You are missing some Flash content that should appear here! Perhaps your browser cannot display it, or maybe it did not initialize correctly.
The most familiar of all star patterns wheels high across the sky on spring nights. The Big Dipper is high in the northeast this evening, and about the same height in the northwest at first light tomorrow.
As night falls, the dipper appears to "pour" its contents toward the northern horizon and into another dipper: the Little Dipper. It's not nearly as bright as its bigger cousin, but under dark skies, far from city lights, you can make out a faint dipper pattern. It's anchored by Polaris, the North Star, at the end of the dipper's handle.
The dippers aren't constellations on their own. Instead, the Big Dipper is part of Ursa Major, the great bear, while the Little Dipper is part of Ursa Minor, the little bear.
The constellations share more than just dippers and bears. They're part of the same story in Greek mythology.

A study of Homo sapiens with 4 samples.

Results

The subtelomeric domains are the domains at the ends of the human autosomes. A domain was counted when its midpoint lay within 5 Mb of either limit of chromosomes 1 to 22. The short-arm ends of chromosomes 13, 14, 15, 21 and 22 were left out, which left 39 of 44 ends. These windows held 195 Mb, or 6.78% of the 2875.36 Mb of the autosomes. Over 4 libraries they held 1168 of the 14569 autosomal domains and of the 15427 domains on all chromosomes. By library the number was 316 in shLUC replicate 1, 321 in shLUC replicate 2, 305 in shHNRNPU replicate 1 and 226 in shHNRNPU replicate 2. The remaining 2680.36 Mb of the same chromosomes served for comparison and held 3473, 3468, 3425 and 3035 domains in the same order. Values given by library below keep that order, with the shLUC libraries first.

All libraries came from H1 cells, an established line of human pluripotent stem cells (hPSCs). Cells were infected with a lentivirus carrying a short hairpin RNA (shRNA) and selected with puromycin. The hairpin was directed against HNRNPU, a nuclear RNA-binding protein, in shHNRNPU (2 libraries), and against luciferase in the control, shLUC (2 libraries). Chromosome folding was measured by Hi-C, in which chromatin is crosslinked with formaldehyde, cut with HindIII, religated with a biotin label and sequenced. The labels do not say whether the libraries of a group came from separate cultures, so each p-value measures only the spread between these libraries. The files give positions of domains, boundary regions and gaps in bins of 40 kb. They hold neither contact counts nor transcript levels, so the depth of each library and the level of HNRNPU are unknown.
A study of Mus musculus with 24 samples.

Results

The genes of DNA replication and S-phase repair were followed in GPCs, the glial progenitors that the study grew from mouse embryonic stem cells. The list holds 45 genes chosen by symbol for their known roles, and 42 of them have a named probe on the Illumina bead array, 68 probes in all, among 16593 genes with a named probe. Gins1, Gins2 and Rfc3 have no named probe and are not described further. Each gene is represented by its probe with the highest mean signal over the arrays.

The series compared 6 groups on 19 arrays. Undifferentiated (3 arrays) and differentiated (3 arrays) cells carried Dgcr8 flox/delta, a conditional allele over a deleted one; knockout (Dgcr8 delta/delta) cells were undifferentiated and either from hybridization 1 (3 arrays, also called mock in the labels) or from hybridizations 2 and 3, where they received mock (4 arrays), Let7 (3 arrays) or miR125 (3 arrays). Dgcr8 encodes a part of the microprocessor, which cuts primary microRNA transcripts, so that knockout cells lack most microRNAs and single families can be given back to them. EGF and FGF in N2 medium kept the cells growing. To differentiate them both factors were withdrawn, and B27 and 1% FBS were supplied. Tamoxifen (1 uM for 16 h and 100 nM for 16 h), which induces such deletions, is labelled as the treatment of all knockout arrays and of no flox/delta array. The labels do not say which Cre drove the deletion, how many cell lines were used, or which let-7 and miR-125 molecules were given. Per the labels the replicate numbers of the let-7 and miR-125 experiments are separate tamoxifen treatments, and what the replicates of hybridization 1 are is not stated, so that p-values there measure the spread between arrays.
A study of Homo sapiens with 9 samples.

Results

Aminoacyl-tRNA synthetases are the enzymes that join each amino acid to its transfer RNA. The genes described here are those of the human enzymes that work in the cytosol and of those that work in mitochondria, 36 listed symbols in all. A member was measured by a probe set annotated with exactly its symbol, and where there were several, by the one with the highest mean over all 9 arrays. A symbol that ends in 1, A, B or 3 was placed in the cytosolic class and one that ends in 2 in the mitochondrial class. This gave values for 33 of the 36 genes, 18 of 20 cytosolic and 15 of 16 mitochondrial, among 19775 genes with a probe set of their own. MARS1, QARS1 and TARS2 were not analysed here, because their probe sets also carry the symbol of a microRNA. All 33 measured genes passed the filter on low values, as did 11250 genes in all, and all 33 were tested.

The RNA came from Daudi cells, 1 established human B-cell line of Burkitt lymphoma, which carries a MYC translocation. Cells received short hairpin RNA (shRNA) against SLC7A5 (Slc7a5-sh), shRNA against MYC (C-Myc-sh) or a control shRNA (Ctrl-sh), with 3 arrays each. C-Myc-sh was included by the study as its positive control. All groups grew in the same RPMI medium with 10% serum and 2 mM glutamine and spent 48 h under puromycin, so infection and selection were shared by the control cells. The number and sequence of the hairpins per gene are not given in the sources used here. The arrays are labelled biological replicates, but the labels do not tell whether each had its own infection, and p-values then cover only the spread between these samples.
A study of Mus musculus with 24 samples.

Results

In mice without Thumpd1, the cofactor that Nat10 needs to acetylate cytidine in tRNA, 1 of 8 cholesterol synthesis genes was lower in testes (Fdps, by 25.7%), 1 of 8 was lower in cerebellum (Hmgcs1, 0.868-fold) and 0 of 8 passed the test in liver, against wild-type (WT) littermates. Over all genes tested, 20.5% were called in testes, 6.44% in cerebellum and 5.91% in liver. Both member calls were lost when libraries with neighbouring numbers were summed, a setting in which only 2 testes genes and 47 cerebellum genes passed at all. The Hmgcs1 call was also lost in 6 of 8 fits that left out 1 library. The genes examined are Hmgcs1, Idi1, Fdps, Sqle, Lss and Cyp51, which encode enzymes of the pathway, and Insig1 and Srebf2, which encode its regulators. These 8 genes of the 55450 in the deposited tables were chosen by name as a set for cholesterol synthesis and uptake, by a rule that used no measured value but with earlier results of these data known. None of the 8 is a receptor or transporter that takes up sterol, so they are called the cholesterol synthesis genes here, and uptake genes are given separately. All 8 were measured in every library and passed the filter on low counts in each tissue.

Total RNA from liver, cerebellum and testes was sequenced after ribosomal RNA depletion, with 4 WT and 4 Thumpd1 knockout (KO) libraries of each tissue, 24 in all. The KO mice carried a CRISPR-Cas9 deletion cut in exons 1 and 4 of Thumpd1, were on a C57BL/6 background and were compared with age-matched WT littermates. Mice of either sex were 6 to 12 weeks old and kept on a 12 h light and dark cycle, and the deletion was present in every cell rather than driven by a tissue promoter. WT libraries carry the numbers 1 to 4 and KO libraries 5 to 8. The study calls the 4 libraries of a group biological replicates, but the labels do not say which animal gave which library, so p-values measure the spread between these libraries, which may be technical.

The story says that Zeus, the king of the gods, fell in love with a young woman named Callisto. They had a child together -- a boy named Arcas. But Zeus was afraid that his wife, Hera, would harm Callisto, so he turned her into a bear.
Many years later, Arcas was stalking a bear -- unaware that it was his own mother. Zeus stopped Arcas from shooting Callisto just in time. To keep them out of trouble, he turned Arcas into a bear and flung them both into the sky.
Look for the bears -- and the dippers -- circling around Polaris throughout the night. We'll have more about the Little Dipper tomorrow.
Script by Damond Benningfield, Copyright 2010
For more skywatching tips, astronomy news, and much more, read StarDate magazine.